Domestic Airlines On Death Row

You can only go by road to Kumasi, Tarkoradi or Tamale in the future if the current trend in domestic aviation continues.
The incremental costs associated with operating domestic carriers are making domestic air travel unsustainable. This half, the airport authorities added another cost to their domestic airline operations—a directive to outsource their ground handling operations, hitherto handled in-house, to specialized contractors.
“Our operational cost is likely to go up by 10 percent depending on the Service Level Agreement,” Patrick Gymanena, Ground Dispatch Supervisor of Africa World Airlines (AWA) told Business World about the implication of the directive.
Aside operational cost, there have been other impacts relating to this directive; AWA has had to lay off 4 ground handling staff, but there are even more far reaching implications:

“Although cost is going up [increased cost due to outsourcing], the airlines will absorb it, but it will likely affect sustainability of airlines,”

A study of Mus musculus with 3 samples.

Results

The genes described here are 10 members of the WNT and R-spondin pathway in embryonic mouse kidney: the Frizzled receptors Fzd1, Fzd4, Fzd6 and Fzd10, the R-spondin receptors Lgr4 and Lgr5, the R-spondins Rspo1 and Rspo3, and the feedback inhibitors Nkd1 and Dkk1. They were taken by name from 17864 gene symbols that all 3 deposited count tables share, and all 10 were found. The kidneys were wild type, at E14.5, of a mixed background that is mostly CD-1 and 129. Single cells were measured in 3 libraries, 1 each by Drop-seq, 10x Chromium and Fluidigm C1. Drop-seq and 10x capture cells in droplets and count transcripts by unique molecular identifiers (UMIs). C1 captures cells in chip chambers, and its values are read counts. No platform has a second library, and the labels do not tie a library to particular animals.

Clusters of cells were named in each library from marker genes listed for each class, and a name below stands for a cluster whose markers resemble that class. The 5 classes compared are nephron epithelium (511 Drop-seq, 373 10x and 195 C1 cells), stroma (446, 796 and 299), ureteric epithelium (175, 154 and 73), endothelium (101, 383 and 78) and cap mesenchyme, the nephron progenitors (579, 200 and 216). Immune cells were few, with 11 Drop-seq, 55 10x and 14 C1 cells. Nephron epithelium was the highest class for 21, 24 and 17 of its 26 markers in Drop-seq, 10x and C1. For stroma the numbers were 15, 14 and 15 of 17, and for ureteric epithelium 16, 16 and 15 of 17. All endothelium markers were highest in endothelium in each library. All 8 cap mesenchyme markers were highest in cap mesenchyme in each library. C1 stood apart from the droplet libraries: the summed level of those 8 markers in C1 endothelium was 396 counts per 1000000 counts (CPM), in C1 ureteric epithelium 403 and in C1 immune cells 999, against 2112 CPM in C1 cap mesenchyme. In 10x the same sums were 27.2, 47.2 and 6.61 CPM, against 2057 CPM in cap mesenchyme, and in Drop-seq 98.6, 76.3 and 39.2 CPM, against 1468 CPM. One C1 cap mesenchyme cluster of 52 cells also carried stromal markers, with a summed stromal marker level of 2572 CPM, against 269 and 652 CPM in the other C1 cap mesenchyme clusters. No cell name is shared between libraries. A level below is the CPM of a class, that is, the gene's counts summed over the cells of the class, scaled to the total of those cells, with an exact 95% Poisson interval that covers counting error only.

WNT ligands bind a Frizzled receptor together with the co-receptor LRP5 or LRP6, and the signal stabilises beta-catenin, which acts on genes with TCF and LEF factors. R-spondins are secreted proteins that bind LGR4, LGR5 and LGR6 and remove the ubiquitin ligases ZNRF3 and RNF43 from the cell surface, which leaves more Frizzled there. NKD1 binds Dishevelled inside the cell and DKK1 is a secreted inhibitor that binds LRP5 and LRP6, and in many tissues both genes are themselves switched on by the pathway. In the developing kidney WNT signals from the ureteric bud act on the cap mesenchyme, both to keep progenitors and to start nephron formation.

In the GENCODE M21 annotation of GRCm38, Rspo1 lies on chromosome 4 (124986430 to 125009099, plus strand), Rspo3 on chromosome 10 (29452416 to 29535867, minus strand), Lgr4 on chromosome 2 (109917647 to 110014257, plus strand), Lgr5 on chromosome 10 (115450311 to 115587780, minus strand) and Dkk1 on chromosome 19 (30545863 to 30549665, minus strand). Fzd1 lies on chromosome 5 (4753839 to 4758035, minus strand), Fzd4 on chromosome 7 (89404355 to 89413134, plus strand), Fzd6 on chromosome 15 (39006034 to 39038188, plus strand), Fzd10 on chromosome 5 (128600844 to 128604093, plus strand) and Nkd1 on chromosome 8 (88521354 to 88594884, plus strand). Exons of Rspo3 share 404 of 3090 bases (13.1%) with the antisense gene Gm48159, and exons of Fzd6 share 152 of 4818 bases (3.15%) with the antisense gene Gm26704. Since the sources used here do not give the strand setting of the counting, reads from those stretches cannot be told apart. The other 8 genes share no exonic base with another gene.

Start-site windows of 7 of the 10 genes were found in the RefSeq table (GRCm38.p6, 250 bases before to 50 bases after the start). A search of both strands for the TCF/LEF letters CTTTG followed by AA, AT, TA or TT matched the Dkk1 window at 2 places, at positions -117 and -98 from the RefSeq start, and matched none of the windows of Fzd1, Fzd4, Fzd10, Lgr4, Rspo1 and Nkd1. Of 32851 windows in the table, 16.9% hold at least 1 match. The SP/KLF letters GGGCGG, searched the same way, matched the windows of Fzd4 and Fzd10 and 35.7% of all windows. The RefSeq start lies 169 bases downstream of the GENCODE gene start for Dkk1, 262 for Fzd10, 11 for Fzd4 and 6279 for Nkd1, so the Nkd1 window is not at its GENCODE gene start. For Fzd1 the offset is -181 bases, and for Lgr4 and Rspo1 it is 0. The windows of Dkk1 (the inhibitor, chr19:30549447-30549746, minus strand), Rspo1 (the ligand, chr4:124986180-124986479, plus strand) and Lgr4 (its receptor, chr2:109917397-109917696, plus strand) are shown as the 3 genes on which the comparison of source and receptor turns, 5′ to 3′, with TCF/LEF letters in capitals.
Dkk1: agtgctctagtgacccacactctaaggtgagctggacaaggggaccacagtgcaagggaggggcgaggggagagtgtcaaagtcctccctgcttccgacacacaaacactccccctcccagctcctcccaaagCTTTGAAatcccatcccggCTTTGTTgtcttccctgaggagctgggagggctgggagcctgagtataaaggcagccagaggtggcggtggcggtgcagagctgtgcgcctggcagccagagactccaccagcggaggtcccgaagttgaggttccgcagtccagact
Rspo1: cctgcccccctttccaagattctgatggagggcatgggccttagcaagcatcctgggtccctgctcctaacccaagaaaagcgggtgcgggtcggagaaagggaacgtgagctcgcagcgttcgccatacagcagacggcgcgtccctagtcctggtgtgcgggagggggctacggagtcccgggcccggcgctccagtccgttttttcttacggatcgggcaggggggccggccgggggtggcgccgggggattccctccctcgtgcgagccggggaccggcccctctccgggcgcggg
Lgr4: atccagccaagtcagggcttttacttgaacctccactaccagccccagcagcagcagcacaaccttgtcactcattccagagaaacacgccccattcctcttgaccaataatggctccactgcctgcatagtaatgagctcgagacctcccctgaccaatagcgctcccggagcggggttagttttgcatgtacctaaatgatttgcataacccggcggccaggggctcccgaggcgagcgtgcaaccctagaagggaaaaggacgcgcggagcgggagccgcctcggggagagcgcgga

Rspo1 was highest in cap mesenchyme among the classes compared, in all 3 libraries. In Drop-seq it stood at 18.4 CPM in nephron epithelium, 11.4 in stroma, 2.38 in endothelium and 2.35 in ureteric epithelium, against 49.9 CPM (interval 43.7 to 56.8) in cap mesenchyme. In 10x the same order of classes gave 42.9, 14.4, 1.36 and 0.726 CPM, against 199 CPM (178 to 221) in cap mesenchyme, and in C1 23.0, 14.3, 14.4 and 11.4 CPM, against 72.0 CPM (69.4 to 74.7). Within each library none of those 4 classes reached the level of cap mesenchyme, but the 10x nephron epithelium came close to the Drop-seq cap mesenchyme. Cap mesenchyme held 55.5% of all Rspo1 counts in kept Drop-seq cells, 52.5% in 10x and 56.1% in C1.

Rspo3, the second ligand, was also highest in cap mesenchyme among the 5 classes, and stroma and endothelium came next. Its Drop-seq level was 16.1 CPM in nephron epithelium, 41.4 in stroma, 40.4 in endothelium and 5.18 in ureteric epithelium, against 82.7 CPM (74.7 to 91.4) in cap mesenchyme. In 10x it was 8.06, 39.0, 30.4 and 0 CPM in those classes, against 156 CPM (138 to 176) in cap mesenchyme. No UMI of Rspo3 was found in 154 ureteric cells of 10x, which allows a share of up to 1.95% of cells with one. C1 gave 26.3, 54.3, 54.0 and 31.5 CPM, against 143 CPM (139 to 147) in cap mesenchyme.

Selby Twumasi-Ankrah, Chief Director of the Transport Ministry catalogues 4 reasons for the directive: security, high premiums from insurance, reduction of human intervention on the air side and the quest to meet ICAO standard requirements.
“We know domestic airlines cannot bear the brunt of high premiums charged by insurance companies. We also want to reduce human intervention on the air side as much as possible, adhering to strict ICAO standards of safety and security,” he reasoned.
This is not the first time domestic airlines have had to absorb additional cost they have not anticipated. In July, domestic airlines were asked to add 15 % Value Added Tax (VAT) and 2.5% National Health Insurance (NHIL) to their air fares. At that time, domestic airlines absorbed the taxes and did not increase their fares.

CitylinK, fly540 and Antrak Air are currently not flying domestic routes. In June this year, Antrak Air announced that it was suspending operations for the next 3 months due to opera-tional reasons, but has not resumed operations after five months.

The two operational domestic airlines– AWA and Starbow Airlines are still saddled with landing fees, fuel surcharge, taxes, VAT, air traffic control, overnight charges, and undercar-riage services. Ghana is a significantly expensive destination to operate a domestic airline from; and a domestic venture will be far from profitable if it is not supported by regional routes.